Nine go wild on a Norwegian fjord

Looking around for a different kind of holiday, we alighted upon the idea of heading North for some winter snow and were delighted to discover that the south fjords of Norway are all geared up for families like ours looking for something else.  We stumbled across a place called Risor Village on the internet.  They offered activities such as ice fishing, boat trips, skiing - cross country as well as downhill and dog sledding.  We decided to do the lot.  

Our first day was spent on a rugged Norwegian fishing boat  chugging round the beautiful islands along the coast from the white painted village of Risor (once visited by the eighteenth century writer Mary Wollstonecraft in pursuit of a sea captain and lost treasure). Everyone was given a rod and we fished off the side of the boat, reeling in startlingly large cod, coal fish and pollock

Lunch was a huge and delicious fish soup cooked on board made partly from the fresh fish we had caught ourselves. To keep the boat steady we moored at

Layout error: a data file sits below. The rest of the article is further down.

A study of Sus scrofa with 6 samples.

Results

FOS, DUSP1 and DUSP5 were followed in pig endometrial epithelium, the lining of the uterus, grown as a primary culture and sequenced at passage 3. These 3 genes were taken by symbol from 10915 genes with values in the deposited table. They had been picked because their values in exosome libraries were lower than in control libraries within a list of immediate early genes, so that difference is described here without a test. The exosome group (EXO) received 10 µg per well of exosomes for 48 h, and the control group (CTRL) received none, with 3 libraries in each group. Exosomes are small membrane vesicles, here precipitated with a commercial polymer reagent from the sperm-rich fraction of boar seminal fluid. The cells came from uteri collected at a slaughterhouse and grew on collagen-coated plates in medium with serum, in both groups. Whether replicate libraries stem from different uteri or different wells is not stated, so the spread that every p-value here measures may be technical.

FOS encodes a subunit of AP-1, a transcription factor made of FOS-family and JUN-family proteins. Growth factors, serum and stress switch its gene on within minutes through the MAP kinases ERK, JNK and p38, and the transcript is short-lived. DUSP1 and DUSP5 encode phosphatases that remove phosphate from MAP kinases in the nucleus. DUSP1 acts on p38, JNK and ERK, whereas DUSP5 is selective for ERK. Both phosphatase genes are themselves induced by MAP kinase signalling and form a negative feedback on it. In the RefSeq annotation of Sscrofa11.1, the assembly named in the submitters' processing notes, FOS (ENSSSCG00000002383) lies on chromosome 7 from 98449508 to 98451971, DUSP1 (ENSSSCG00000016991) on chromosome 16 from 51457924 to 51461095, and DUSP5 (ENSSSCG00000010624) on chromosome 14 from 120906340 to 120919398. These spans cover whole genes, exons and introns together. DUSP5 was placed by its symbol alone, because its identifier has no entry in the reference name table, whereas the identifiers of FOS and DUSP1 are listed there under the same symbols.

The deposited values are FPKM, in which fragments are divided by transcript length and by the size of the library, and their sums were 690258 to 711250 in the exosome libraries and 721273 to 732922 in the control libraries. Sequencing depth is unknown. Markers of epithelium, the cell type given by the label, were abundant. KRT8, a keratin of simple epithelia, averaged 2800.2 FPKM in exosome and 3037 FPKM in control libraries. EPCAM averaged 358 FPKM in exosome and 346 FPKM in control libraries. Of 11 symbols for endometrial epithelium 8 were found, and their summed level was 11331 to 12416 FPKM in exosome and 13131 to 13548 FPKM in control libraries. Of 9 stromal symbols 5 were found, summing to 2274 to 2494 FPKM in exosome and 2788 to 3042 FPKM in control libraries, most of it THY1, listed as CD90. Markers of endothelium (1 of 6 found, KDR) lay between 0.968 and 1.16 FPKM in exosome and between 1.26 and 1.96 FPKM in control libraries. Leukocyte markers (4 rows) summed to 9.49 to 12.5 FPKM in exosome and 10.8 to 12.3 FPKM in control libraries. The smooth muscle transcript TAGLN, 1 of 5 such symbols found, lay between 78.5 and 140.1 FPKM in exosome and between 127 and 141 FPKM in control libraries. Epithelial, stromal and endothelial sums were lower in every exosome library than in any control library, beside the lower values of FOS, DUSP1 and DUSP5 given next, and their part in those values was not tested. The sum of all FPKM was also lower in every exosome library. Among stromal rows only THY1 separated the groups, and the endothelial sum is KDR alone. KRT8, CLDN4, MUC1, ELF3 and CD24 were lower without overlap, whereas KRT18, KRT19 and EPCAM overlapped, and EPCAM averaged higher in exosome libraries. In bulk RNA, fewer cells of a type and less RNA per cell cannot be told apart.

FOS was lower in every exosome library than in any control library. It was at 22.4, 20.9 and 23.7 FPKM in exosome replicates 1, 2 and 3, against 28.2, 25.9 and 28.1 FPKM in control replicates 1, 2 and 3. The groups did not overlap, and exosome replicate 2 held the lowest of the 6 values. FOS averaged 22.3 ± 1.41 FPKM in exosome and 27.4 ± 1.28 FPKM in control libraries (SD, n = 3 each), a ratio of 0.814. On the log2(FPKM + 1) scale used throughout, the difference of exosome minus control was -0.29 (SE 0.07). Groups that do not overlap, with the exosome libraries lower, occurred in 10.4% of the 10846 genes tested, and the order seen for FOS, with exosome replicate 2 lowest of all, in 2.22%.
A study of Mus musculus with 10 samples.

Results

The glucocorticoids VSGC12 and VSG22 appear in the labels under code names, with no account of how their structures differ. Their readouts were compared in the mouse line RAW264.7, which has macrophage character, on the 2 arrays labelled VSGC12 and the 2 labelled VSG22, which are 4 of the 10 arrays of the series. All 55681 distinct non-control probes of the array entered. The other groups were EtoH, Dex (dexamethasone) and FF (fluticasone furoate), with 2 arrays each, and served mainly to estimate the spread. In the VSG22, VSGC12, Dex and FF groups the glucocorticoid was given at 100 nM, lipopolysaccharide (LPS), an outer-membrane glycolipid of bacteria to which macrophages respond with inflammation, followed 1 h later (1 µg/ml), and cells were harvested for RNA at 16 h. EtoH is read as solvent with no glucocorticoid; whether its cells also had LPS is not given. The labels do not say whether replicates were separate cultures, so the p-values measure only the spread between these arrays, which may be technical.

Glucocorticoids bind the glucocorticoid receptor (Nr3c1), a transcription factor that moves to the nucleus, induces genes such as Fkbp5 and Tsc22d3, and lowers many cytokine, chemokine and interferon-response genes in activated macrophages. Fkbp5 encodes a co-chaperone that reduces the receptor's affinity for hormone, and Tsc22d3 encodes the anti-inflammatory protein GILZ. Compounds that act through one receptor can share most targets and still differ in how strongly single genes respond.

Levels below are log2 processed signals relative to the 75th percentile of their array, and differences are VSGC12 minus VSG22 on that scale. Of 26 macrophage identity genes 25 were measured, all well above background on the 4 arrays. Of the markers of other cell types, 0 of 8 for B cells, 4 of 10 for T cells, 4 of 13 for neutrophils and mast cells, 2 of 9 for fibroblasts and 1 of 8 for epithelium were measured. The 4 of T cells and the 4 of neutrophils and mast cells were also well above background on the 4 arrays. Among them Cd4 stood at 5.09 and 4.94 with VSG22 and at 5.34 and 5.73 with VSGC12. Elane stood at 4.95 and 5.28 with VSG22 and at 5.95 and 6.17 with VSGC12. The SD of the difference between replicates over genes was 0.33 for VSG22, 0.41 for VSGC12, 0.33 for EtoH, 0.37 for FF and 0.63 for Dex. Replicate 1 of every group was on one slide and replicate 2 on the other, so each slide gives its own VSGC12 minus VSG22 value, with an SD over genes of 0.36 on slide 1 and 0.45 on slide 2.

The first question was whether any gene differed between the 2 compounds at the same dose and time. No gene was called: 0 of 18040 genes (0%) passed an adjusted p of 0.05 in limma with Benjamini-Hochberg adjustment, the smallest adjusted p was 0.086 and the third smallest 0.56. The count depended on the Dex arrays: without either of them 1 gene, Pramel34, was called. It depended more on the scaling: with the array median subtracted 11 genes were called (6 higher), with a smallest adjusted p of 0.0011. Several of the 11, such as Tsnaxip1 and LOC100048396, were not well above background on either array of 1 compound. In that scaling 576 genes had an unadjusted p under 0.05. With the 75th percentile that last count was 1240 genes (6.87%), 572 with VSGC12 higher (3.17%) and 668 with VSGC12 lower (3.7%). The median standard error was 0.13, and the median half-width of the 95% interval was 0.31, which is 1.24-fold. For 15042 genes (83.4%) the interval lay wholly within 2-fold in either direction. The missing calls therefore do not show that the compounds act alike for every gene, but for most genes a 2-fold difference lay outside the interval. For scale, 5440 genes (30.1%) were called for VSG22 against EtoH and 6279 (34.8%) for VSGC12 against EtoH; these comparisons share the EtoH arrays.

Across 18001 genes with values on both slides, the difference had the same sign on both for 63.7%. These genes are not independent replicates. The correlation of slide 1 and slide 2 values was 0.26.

Chicago, Chicago you're my kind of town..

Well it's the 1st February and the clock is ticking closer to the launch date of our new book, The Bumper Book of London, and we are bowled over to discover that we have a cracking review in the Chicago Tribune all the way across the pond.  So exciting.  Let's hope their readers can buy the book as it is not in the shops till early April!

Here it is to delight you all
"The Bumper Book of London: Everything You Need to Know about London and More …"
Frances Lincoln, $19.95
The statistics in this fun and fascinating book are often mind-boggling: 1 billion people travel on the London Underground every year; 25 million visitors arrive here annually; 13 million people attend theater in London yearly. The city has 4,500 pubs, 17,000 black cabs, 300 languages, 30 rivers and canals and 40 theaters in the West End. There are sections on Roman London, Saxon and Viking London, Tudor and Elizabethan London, Stuart London, Georgian and Regency London, Victorian London and Edwardian and 20th-century London as well as chapters on Royal London and the River Thames.
There are anecdotes about the origins of the bowler hat, the history of Big Ben and the stories behind London street names. All in all, the book is a treat.